EACS Conference 2021

27-30 October 2021



By Dr Sherene Min: Head of Clinical Development, ViiV Healthcare

The 18th European AIDS Conference (EACS) is right around the corner. This year will be the first-ever hybrid conference – an exciting opportunity to mix the best of virtual events and to finally come together in person again.

This year’s theme is ‘Crossing Borders’, and it’s never been more important for us to do so and connect as a community. Many of us with an infectious diseases background have been pulled into the COVID fight. Conferences like EACS are vital opportunities to connect on an emotional, personal, and scientific level to share the things we’ve learnt and experienced.

As well as the second year of the pandemic, this year’s conference marks another historic anniversary – 40 years since the first documented cases of AIDS. The stigma we’ve seen around the COVID vaccine rollout, in many ways, reflects the stigma that we’ve dealt with in the HIV community for the past four decades. It will be interesting to see what learnings we can take from our experiences with COVID and apply to the ongoing fight against HIV.

Despite the significant impact of the pandemic on our community, great progress and huge scientific advancements continue to be made. There’s much I’m looking forward to at this year’s conference:

Making progress

A hot topic at this year’s conference will be how we, as a medical community, are looking to roll out new forms of treatment which may enable us to reach, and better support, a wider group of people living with and affected by HIV. EACS is a great place to discuss emerging science, and prevention treatments will be critical as we continue to move forwards. It’s an area I’m looking forward to seeing a renewed focus on, after two years of resources being diverted elsewhere.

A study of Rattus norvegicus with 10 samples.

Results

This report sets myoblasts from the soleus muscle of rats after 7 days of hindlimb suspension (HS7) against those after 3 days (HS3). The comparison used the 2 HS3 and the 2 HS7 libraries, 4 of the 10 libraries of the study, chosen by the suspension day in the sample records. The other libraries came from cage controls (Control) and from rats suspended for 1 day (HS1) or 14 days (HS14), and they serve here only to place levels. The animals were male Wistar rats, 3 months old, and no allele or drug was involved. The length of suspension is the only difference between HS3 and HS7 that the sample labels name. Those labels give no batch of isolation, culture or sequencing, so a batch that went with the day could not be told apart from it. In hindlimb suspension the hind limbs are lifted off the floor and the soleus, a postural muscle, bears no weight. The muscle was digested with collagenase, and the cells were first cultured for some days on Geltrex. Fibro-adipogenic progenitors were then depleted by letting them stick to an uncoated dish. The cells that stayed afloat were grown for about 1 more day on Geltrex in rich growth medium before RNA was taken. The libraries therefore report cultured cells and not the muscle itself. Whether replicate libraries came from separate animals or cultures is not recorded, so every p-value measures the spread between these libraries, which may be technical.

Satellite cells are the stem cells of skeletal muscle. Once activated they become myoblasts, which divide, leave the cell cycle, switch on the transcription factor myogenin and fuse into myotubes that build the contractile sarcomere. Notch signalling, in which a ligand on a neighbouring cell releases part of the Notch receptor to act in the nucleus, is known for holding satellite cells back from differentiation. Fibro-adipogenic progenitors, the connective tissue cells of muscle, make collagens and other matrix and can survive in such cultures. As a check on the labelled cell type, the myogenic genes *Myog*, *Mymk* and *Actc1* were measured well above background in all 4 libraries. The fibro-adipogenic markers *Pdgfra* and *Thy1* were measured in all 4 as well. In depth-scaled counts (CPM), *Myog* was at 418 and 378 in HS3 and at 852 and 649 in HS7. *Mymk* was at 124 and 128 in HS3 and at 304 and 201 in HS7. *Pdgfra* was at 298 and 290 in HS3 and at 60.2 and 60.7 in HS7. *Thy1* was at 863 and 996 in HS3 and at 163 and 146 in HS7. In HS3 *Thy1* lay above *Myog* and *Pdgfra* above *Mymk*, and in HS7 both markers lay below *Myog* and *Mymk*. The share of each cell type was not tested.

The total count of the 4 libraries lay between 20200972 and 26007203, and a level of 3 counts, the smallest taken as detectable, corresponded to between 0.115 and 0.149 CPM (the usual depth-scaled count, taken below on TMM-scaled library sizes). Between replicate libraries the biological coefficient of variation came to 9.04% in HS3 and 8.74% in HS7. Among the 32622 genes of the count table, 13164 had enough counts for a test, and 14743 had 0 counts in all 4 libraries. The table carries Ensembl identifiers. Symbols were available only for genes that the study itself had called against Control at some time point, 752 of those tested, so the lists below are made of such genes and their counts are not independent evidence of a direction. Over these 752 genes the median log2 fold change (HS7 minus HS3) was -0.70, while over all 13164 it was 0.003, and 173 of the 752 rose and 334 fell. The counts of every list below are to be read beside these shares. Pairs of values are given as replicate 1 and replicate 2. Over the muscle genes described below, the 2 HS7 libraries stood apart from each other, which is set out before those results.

EACS also provides a great opportunity to share data on existing therapies in the market – to understand what’s working well and where we can improve. ViiV has always focused on how we can implement our science in the real world, so continuing to see the data from our key studies will be another thing to look out for. I look forward to the learnings we can take from data around efficacy and safety of treatments, to help identify unmet needs and keep improving the lives of people living with HIV, and prevent new infections in communities at risk.

Women & HIV

One such group currently facing unmet needs is women living with HIV. Through data, we’ve come to see that HIV treatment impacts women and men differently for a host of different reasons. But even though women (older than 15) account for 52% of the global HIV population, on average they only represent 19% of those included in HIV treatment and prevention studies. Under-represented groups require treatment options that take their different needs into account.

ViiV Healthcare is working to increase the awareness and focus on women in HIV research. As a medical community, we need to expand the involvement of women in the drug development process and, specifically, increase the number of women enrolled in all stages of clinical trials. And EACS is a vital forum for discussing how we start to reach and talk to people about this beyond the borders of our existing HIV community.

Fighting health inequality

There’s a huge amount to be learned from the COVID vaccine rollout about health disparities and supporting underserved communities. Access to healthcare remains an ongoing challenge in the fight against HIV.

We need people to start seeing HIV as a global issue, just as we have started to with COVID. We live in an inherently connected world, and that’s not going to change. An issue affecting one community will affect, and needs the support of, all.

I’m looking forward to the talks which address these health inequities and how we as a community can address them.

Here until HIV isn’t

As ever, we remain focused on our ultimate goal – a scalable cure for HIV. I’ll certainly be looking out for any data at EACS that could help lead us there. No great things are achieved alone – and the same is true for our research community. Finding a cure will require the bringing together of researchers from multiple academic institutions, as well as the private sector, community and government partners to share common resources, data and methodologies.

ViiV has 50 active collaborations worldwide, and I look forward to seeing what new connections we will make at EACS 2021.

See you all there!

Reporting of side effects

If you get any side effects, talk to your doctor, pharmacist or nurse. This includes any possible side effects not listed in the package leaflet. You can also report side effects directly via the Yellow Card Scheme at www.mhra.gov.uk/yellowcard or search for MHRA Yellowcard in the Google Play or Apple App store. By reporting side effects, you can help provide more information on the safety of this medicine.

If you are from outside the UK, you can report adverse events to GSK/ViiV by selecting your region and market, here.